Thursday 28th January 2016


Wheeler kept the official cash rate at 2.5 percent, saying monetary policy will need to stay loose as inflation takes longer to pick up. Government figures last week showed the consumer prices index was dragged down by cheap fuel, rising just 0.1 percent in 2015. Since then oil prices have dropped to 13-year lows, and Wheeler today said he will continue to monitor the flow of economic data.

"Headline inflation is expected to increase over 2016, but take longer to reach the target range than previously expected," Wheeler said in a statement. "Some further policy easing may be required over the coming year to ensure that future average inflation settles near the middle of the target range." 

The New Zealand dollar fell to 64.32 US cents from 64.71 cents immediately before the statement was released at 9am.

Last month, the Reserve Bank forecast annual inflation rising back within the 1-to-3 percent target band in the March quarter of this year, due in part to last year's drop in oil prices washing through the data, and projected CPI would creep up to the 2 percent midpoint by December 2017. 

At the time, Wheeler said he was done cutting interest rates with the record-low level enough to spur inflation back within the percent target band, while keeping the caveat that he would act if circumstances warranted. 

Last week's CPI figure undershot the bank's forecast, though Wheeler today said annual core inflation, which strips out temporary price movements, was within the target range, and that inflation expectations were stable. He'll get an opportunity to provide further detail about his view on the economy when he delivers his first public speech to the Canterbury Employers' Chamber of Commerce next week.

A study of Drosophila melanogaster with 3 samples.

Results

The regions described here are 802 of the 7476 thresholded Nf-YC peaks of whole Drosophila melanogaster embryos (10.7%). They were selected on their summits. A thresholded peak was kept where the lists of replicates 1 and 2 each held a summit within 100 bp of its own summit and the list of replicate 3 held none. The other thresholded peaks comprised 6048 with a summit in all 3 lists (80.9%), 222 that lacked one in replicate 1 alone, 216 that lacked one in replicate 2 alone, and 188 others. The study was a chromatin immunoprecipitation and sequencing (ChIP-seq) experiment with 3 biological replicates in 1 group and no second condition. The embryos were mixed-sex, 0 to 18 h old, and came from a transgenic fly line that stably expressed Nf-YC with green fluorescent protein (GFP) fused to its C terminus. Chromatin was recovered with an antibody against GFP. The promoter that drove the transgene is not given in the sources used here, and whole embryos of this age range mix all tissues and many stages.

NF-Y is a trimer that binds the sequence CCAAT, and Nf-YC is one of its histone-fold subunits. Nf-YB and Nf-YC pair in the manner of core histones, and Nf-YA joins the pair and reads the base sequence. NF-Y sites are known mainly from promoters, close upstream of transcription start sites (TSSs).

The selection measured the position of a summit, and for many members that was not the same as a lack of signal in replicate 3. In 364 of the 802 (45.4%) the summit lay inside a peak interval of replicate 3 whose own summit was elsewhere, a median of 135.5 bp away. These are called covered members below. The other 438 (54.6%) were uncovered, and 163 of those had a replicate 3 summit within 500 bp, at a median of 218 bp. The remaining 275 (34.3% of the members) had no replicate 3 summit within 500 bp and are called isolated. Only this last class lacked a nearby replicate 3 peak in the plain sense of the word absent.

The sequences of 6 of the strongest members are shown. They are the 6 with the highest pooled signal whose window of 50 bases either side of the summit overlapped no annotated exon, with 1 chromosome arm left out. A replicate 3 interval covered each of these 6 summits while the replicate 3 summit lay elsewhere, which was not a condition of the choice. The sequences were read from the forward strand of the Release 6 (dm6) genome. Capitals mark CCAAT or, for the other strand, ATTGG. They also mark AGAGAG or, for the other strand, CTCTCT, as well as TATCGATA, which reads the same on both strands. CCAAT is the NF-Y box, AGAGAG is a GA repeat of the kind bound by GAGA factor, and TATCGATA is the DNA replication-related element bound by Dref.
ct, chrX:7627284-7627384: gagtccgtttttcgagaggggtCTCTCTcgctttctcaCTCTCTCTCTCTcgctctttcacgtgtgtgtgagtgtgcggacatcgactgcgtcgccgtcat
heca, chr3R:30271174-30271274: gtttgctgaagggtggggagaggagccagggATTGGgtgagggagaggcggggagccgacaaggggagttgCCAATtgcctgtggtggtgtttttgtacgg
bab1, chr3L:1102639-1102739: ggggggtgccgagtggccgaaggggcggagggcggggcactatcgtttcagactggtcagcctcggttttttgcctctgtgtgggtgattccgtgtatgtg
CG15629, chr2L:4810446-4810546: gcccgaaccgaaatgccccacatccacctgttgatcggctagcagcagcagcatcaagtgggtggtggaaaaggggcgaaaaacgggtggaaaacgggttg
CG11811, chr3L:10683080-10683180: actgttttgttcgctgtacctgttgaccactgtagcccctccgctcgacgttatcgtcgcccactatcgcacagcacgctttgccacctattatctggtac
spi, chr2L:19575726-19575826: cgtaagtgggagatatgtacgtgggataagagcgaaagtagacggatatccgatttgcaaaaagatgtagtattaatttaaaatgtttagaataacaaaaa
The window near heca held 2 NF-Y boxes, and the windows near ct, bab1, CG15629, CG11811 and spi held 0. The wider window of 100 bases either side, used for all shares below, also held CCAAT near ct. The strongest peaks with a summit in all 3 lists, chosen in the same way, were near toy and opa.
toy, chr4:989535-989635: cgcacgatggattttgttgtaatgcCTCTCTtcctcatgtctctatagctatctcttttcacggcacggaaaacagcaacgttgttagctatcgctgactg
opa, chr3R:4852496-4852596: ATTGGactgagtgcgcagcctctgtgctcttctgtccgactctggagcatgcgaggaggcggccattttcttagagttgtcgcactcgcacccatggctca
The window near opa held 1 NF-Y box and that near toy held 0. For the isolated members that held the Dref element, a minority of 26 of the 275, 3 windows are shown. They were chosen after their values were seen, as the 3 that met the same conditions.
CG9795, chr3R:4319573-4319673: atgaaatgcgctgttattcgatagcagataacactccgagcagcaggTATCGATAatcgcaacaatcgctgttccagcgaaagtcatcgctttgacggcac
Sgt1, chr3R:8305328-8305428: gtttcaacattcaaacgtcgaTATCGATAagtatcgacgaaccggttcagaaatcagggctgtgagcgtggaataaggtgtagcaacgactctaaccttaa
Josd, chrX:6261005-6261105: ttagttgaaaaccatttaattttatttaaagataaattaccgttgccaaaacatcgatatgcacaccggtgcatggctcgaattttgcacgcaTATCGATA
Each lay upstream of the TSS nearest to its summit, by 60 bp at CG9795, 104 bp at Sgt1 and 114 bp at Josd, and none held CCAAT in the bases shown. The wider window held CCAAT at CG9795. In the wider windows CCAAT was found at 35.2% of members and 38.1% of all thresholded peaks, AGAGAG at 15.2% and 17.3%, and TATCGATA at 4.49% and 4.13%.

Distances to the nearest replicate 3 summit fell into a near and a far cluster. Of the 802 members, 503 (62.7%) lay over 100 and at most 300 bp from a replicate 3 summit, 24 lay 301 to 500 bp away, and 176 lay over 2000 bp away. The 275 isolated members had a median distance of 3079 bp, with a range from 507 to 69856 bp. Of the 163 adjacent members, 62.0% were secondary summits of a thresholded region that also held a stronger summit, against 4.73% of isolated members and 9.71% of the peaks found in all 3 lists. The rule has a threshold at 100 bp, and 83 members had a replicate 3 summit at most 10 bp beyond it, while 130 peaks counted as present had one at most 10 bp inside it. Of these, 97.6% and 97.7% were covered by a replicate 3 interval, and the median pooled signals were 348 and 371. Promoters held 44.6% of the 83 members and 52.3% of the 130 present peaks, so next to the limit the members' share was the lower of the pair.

Wheeler said there were still a number of risks threatening the outlook, including the prospects for global growth and China in particular, international financial market conditions, dairy prices, the country's strong net inbound migration, and pressures in the housing market. 

While house price inflation was showing signs of abating since the Reserve Bank imposed lending curbs on investor-buyers and the government rolled out plans to tax property more stringently, Wheeler said it was too early to tell whether the rate of increase was moderating. 

Wheeler said the recent volatility in financial markets had pushed down the kiwi dollar and market interest rates, but "a further depreciation in the exchange rate is appropriate given the ongoing weakness in export prices." 

Prices for whole milk powder, the country's biggest commodity export, have remained soggy in the GlobalDairyTrade auctions, this spurring processors Fonterra Cooperative Group, Westland Milk Products and Open Country Dairy to cut their forecast payout to farmers for the season. 

The weakness in dairy prices prompted Fitch Ratings to lower its outlook on New Zealand's sovereign credit rating to stable from positive when affirming the nation's AA rating. 

The rating agency downgraded its forecast of New Zealand gross domestic product growth due to the downbeat agricultural outlook, putting it at odds with Bank of New Zealand economists who upgraded their forecast on the strength of recent services and manufacturing gauges. 

Wheeler today said New Zealand's economy is expected to pick up this year due to persistently strong inbound migration, high levels of tourism, an elevated level of construction work, and improving business and consumer confidence.